Dinner doesn’t really get any easier than putting a Whole Chicken in a Crock Pot. But it is also really hard to make chicken dinner more delicious. This is so easy, it is going to become a staple at your house too.
Whole Chicken in a Crock Pot
I first tried this recipe for Whole Chicken in a Crock Pot from 100 Days of Real Food on a cooking day – which for me means I had 5 or 6 recipes going on in my kitchen at the same time. I wasn’t sure about a whole chicken in the slow cooker. I had never tried it before but the reviews for this recipe were excellent so I gave it a go. Everything was loaded into the slow cooker and ready to go in less than 5 minutes and done cooking in about 4 1/2 hours. It really is excellent – and everyone in my family really liked it including the adults, the teenager, and the babies. That is a feat by anyone’s standards!
Turn Whole Chicken in a Crock Pot into Chicken Stock
Since the chicken tasted so good, I followed the advice on 100 Days of Real Food and turned the leftover bones and cooking liquid into chicken stock by leaving it all in the same slow cooker, adding in a few veggies and herbs and cooking it overnight. The chicken stock was very flavorful! It soon became a Chicken Vegetable Soup, which after having a healthy sampling, I froze in two cup servings. Now when I have leftover pasta, rice or quinoa, I thaw out soup in the fridge overnight, heat it and pour it over the leftovers to make dinner or lunch the next day. So all in all, my chicken made leftover stock, that made leftover soup, that uses leftovers. Excellent! Now that is thrifty planning!
How we Buy Whole Chickens
We prefer to buy our meat locally from the butcher. We are very lucky that our butcher sources a great deal of their meat locally from family farms. If that is not a choice, we usually opt for organic chicken. If you choose that as well, you will notice that they tend to be smaller than conventionally raised chickens. (Antibiotics in their feed make them grow faster and larger.) So keep that in mind as you plan for how much to buy for your family.
There are lots of opinions and a hefty dose of politics associated with the use of antibiotics in farm animals. If you really want to understand more about the issue at hand, check out the CDC’s web resources on Antibiotic Use in Food-Producing Animals. I won’t go into more detail than that – other than to say it is beneficial to understand where your food comes from as you choose. But I do believe the right choice is the one you make for your family. We are all in different places and have different budget priorities. Raising a family is not cheap – and neither are organic chickens. 🙂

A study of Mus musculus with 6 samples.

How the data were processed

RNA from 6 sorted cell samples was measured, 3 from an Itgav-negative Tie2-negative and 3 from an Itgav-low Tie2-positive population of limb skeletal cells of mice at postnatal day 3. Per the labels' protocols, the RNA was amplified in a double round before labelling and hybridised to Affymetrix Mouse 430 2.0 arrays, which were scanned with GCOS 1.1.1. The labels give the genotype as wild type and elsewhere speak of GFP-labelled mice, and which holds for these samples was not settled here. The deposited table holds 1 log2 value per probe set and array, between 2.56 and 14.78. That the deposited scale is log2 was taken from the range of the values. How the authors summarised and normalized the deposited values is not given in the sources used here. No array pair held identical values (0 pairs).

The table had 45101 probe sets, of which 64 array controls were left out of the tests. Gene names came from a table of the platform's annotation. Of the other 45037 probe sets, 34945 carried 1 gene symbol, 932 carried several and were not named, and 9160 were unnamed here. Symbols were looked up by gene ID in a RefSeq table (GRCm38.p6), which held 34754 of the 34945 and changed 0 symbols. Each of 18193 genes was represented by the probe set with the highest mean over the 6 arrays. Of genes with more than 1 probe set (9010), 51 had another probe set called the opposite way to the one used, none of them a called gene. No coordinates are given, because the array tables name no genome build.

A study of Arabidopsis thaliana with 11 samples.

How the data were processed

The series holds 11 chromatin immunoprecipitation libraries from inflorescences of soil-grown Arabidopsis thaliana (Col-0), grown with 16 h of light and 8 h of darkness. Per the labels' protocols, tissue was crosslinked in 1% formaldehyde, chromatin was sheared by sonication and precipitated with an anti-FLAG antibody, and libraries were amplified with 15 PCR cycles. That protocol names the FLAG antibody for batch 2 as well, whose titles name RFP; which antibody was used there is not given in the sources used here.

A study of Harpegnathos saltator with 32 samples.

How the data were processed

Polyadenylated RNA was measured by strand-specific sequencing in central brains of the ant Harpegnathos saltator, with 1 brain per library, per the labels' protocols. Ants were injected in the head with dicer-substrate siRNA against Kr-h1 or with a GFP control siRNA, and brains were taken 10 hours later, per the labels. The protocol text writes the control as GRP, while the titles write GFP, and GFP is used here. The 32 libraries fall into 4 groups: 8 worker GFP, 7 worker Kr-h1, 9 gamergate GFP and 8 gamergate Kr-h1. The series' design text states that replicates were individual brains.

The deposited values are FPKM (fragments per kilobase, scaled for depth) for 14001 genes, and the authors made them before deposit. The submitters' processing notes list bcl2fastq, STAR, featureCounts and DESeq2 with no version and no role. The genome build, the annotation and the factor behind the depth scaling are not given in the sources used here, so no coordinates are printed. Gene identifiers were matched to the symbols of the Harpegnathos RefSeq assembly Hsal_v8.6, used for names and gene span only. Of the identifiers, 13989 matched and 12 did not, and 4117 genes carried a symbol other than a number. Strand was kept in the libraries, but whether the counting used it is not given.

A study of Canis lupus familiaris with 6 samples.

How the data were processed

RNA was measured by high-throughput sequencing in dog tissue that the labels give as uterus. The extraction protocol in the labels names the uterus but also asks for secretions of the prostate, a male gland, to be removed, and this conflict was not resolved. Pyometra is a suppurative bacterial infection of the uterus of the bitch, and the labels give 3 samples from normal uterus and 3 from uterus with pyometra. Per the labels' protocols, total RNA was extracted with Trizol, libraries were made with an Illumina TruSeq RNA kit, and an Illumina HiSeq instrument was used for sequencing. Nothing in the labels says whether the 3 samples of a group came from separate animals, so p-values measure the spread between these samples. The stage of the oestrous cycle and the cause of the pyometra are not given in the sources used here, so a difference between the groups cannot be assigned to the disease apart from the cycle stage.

Freeze the Extras from Your Whole Chicken in a Crock Pot
If you have a large family, like we do – you may find that you need more than one chicken. I have two slow cookers – I am not ashamed! The extra slow cooker is one of the best $40 I have ever spent! This is the one I have – it is huge and I love it! Hamilton Beach 8 Quart Slow Cooker.
One chicken is never enough and two is too much, so I have learned firsthand that the leftovers freeze great for later meals!
- 2 tsp paprika
- 1 tsp salt
- 1 tsp onion powder
- 1 tsp thyme
- 1 tsp garlic powder
- 1/2 tsp cayenne pepper
- 1/2 tsp black pepper
- 1 onion
- 1 whole chicken
- Combine the dried spices in a small bowl.
- Loosely chop the onion and place it in the bottom of the slow cooker.
- Remove any giblets from the chicken and then rub the spice mixture all over. You can even put some of the spices inside the cavity and under the skin covering the breasts.
- Put prepared chicken on top of the onions in the slow cooker, cover it, and turn it on to high. There is no need to add extra liquid.
- Cook for 4 – 5 hours on high (for a 3 or 4 pound chicken) or until the chicken is falling off the bone. Don't forget to make your homemade stock with the leftover bones!